As of Easter, 189 Oakland residents have tested positive for COVID-19, according to the Alameda County Public Health Department. Within all of Alameda County, there have been 843 cases and 23 deaths. It is unclear how many Oakland residents have died due to COVID-19. Media reports have identified at least three deaths, most recently that of Gene Zahas, an Oakland businessman, who died last week due to COVID-19.
Last week, the County launched a COVID-19 Dashboard in response to rising calls for city-level data and racial/ethnicity data. The dashboard also breaks down cases by age. The vast majority of positive cases are residents ages 21-44. The vast majority of cases are listed as having an “unknown” race. Less than 10 “known” unhoused residents have tested positive, as have 13 inmates at Santa Rita Jail.
Oakland closes 74-miles of streets to thru traffic
Last week, the City of Oakland announced the closure of 74-miles of Oakland streets to thru traffic to encourage walking, biking, and social activity during the COVID-19 pandemic. The pilot project, Oakland Slow Streets, declared all existing and proposed Neighborhood Bike Routes closed to through traffic. For frequently asked questions and maps, visit City of Oakland website.The program is set to end when the shelter-in-place order ends, or when city indicates.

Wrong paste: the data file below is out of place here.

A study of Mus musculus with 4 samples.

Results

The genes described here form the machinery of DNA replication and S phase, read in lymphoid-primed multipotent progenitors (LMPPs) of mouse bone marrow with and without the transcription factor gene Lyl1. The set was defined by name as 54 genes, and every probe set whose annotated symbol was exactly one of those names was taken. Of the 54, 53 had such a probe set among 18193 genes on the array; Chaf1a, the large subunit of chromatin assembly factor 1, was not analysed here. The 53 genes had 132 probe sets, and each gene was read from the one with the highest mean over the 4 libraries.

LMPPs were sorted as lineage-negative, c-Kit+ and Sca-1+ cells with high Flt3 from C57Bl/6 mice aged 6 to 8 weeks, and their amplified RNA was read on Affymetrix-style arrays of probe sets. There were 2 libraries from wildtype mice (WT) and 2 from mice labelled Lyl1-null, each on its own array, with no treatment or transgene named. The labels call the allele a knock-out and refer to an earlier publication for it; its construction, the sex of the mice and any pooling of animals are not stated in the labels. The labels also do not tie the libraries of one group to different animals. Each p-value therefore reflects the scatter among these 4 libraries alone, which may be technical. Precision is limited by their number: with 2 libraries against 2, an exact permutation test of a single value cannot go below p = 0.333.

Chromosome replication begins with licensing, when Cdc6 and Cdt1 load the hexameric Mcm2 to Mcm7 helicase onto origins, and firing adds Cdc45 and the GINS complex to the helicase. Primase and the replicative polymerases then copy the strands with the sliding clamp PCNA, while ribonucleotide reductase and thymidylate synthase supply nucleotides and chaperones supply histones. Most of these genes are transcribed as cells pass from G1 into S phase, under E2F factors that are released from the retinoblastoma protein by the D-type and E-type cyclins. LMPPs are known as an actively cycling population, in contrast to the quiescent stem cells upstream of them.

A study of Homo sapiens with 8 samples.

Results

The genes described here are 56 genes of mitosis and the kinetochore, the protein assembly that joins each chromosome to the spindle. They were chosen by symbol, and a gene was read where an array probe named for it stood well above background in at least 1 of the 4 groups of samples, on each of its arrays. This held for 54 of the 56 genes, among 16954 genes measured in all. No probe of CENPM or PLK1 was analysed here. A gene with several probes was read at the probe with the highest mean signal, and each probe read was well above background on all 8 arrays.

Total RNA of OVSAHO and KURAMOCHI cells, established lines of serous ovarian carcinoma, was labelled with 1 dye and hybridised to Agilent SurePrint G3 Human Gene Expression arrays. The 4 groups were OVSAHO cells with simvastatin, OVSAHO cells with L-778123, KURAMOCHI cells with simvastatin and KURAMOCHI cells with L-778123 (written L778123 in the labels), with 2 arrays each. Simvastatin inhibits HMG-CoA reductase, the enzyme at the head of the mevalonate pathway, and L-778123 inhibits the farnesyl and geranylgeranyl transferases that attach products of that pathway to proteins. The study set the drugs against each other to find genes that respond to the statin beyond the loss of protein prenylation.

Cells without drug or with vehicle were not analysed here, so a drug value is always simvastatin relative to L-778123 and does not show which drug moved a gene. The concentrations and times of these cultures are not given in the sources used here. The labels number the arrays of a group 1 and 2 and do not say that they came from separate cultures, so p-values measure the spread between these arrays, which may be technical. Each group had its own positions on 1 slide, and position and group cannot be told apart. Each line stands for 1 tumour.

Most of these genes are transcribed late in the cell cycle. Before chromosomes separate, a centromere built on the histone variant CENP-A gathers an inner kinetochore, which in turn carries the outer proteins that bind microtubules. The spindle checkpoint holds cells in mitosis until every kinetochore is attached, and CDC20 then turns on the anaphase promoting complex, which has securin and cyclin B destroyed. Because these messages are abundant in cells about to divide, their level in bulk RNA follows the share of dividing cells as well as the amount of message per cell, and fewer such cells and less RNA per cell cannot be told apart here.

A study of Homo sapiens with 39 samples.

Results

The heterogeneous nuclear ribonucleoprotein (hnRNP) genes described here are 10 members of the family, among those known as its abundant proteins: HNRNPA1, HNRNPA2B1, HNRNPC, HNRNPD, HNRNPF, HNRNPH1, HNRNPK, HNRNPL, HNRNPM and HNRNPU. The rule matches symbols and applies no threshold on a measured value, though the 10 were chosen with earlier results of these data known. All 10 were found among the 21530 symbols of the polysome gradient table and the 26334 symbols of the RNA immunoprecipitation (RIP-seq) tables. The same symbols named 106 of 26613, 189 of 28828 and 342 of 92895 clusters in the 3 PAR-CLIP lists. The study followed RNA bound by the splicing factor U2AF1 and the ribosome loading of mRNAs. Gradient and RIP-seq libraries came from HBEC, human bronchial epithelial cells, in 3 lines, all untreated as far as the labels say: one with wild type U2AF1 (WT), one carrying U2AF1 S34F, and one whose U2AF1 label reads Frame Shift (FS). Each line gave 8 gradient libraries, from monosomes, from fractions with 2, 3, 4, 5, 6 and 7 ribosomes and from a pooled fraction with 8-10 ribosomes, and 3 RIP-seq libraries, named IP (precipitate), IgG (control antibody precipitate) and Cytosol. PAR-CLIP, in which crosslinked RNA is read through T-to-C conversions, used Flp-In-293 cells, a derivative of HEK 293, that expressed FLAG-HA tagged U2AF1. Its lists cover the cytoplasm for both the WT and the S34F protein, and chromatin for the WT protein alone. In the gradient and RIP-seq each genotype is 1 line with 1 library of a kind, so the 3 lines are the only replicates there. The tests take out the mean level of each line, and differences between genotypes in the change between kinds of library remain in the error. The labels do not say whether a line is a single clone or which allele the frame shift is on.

Hotels for Oakland’s Unhoused Residents
Alameda County has reportedly housed 70 unhoused Oakland residents in two local hotels, KTVU reports. The county is operating about 400 rooms at two hotels near the Oakland Airport: Operation Comfort, at the Comfort Inn and Suites, and Operation Safer Ground, at the Radisson Hotel. According to California Governor Gavin Newsom, the state hopes to get 15,000 hotel rooms across the state. Alameda County will seek to have FEMA, the Federal Emergency Management Agency, reimburse the County for expenses.
Unhoused residents and advocates have been critical of the government’s response. Needa Bee, founder of The Village in Oakland, a group that advocates for and helps organized unhoused residents said, “As we are seeing played out in tragic ways, the pandemic has exposed the injustice fault lines in our society. The response, or lack of response, will make this clear.” Officials hope to get 300 additional units, KTVU reports. KQED first reported efforts by local officials.
Also, Oakland Voices alumna Jo Ann Bell discusses her experience working at a local high school.